With no Chron reviews today, we turn first to Paul Reidinger, the first major reviewer to take a crack at Conduit, the flashy New American in the quickly-developing northern Mission. Not only does Reidinger drop a very, very glowing review, but he compares Conduit (favorably, we might add) to some biggies in the process:
The restaurant, even in its fledgling days, already must be considered one of the premier spots on Valencia's still-burgeoning restaurant row; its peer group consists of Range, Limón, and perhaps Bar Tartine, and if only because of the extraordinary atmospherics of the interior design (the architect was Stanley Saitowitz), its sheen is brighter than theirs.Reidinger also gives Conduit props for its price point (a step below its "downtown" counterparts), people watching and "expert" noise management. All in all, a very encouraging introduction to the review circuit for Conduit. Now, let's wait and see what The Bauer has to say on the matter. [SFBG]
But let's not forget the appeal of chef Justin Deering's food either. The man and his staff work in an exhibition kitchen that stretches like a stage across the back of the restaurant, and the menu they're turning out is a seasonal California one, yes, like so many others, but with an emphasis on butter and cream that reminded me of Traci Des Jardins's early menus at Jardinière and of Nancy Oakes's at Boulevard.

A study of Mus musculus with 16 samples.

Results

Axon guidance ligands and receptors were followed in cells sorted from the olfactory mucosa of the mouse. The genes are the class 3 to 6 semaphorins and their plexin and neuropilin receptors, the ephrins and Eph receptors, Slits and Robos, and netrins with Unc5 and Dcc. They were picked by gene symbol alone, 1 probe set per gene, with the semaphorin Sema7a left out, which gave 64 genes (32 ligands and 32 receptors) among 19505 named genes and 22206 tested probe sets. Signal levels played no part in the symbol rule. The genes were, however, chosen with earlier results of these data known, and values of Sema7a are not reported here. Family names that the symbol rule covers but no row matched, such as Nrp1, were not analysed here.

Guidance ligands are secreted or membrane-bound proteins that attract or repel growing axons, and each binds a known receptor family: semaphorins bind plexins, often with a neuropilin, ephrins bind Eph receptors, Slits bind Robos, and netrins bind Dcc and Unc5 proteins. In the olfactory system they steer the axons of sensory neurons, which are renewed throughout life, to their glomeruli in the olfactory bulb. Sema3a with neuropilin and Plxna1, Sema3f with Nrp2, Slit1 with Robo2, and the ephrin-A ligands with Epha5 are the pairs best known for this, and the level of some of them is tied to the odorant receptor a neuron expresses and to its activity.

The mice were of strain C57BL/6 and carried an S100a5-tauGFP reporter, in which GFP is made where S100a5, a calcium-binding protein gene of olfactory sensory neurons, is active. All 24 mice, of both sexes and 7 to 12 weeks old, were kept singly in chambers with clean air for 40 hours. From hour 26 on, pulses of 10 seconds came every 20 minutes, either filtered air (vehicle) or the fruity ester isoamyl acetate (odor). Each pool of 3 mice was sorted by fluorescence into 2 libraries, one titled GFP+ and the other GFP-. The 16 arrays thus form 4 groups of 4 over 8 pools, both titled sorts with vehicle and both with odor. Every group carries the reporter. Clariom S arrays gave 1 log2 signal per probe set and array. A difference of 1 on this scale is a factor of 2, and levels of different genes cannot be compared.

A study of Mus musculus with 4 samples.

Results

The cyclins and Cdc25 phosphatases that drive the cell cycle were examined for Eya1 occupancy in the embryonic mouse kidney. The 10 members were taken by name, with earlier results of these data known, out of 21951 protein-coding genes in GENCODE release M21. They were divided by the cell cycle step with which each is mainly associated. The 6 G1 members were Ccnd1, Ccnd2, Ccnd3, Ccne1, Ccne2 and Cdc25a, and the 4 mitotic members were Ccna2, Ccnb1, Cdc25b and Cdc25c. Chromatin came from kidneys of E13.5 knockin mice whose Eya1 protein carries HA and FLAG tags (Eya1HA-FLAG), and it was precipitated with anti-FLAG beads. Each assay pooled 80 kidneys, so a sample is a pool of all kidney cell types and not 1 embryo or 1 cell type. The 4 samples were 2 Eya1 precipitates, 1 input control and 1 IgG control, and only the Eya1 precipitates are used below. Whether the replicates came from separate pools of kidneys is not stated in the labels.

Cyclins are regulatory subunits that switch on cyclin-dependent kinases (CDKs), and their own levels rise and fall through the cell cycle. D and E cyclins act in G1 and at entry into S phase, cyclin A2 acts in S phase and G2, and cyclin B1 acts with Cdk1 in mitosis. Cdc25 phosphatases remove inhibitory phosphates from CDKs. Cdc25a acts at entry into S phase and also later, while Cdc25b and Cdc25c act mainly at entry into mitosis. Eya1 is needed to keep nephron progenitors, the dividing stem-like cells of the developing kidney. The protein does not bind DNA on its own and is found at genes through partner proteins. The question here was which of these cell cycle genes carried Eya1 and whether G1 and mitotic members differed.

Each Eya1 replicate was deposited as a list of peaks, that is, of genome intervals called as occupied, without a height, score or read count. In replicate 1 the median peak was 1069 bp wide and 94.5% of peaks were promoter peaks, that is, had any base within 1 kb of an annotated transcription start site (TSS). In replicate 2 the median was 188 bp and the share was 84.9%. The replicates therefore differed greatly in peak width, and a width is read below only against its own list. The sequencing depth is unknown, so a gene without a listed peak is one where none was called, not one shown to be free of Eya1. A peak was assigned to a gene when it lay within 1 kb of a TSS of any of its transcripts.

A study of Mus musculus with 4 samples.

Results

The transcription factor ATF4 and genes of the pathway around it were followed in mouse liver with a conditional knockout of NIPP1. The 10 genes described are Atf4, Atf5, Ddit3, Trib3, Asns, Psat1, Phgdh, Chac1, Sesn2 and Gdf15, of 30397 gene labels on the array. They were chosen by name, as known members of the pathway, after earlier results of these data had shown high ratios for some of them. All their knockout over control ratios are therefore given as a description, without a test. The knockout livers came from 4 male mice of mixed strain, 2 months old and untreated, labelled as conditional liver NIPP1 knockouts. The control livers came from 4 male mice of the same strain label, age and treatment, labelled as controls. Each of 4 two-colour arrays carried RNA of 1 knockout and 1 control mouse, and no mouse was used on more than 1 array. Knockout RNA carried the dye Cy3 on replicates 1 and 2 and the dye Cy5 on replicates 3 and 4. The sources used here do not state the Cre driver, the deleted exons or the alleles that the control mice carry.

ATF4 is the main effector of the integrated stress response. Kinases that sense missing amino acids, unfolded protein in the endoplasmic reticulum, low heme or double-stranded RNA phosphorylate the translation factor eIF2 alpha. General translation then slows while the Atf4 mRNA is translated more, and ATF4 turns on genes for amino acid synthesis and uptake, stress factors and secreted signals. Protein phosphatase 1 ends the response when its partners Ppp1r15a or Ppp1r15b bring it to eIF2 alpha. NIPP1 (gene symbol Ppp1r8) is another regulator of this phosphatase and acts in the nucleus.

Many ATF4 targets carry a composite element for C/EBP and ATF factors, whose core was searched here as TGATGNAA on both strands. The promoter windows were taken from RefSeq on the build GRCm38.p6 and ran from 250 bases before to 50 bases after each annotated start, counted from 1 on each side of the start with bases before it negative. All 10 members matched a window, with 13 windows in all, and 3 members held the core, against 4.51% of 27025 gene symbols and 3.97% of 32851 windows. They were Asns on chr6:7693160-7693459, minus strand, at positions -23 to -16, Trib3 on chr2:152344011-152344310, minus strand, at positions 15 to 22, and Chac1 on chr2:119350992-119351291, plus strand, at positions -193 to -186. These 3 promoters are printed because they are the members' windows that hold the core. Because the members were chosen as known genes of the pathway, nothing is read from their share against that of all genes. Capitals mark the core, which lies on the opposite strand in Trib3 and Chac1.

Frank Bruni, in the second installment of his road trip to the country's best new restaurants, stops by Daniel Patterson's Coi, #7 on his list. The verdict is not as glowing as you may have hoped for (service is a bit off), but even Bruni can't deny Patterson can cook: "I dabbed, inhaled and only then ate, from a bowl with a grapefruit and tarragon salad at the bottom, a grapefruit sorbet above it and, over that, a grapefruit mousse infused with black pepper and ginger. The process unequivocally heightened my attunement to the flavors. It also made me feel a little absurd. That's how it goes at Coi (pronounced kwa), which turns dining into art, into religion, into Chanel No. 5." Still en route for Bruni's top five in next two weeks is Ubuntu, so do stay tuned to the BruniChannel. [NYT]
Meredith Brody goes divey at Shanghai House, way out on Balboa and 37th Avenue: "As far as I'm concerned, the more really is the merrier at a Chinese restaurant, so you can sample and share lots of dishes. Calvin Trillin often insists on bringing a Chinese-speaking friend with him when he visits Chinese restaurants — or, failing that, a card printed with the Chinese characters for 'Bring me what they're having at the next table.' But everything we had at Shanghai House was so good, so fresh, so interesting, that we felt we could order off the menu with impunity — and without translation." [SFW]
ELSEWHERE: Earlier in the week, Bauer's Sunday review dropped 2.5 stars on the Dogpatch's Serpentine, the Guardian also checks out Tofu Village, the Trib is at Berkeley's Turkish Kitchen, and the MIJ says Hatam Persian Kabab House makes Marin feel like "a pleasant suburban neighborhood of a small Iranian city" (snicker).
ON THE BLOGS: Joy the Restaurant Whore has strong words for Fish & Farm, Fork & Bottle is at Rutherford's Auberge du Soleil, Chef Ben is at Icebee and Bits + Bites sits down with Christopher Elbow for some Q&A.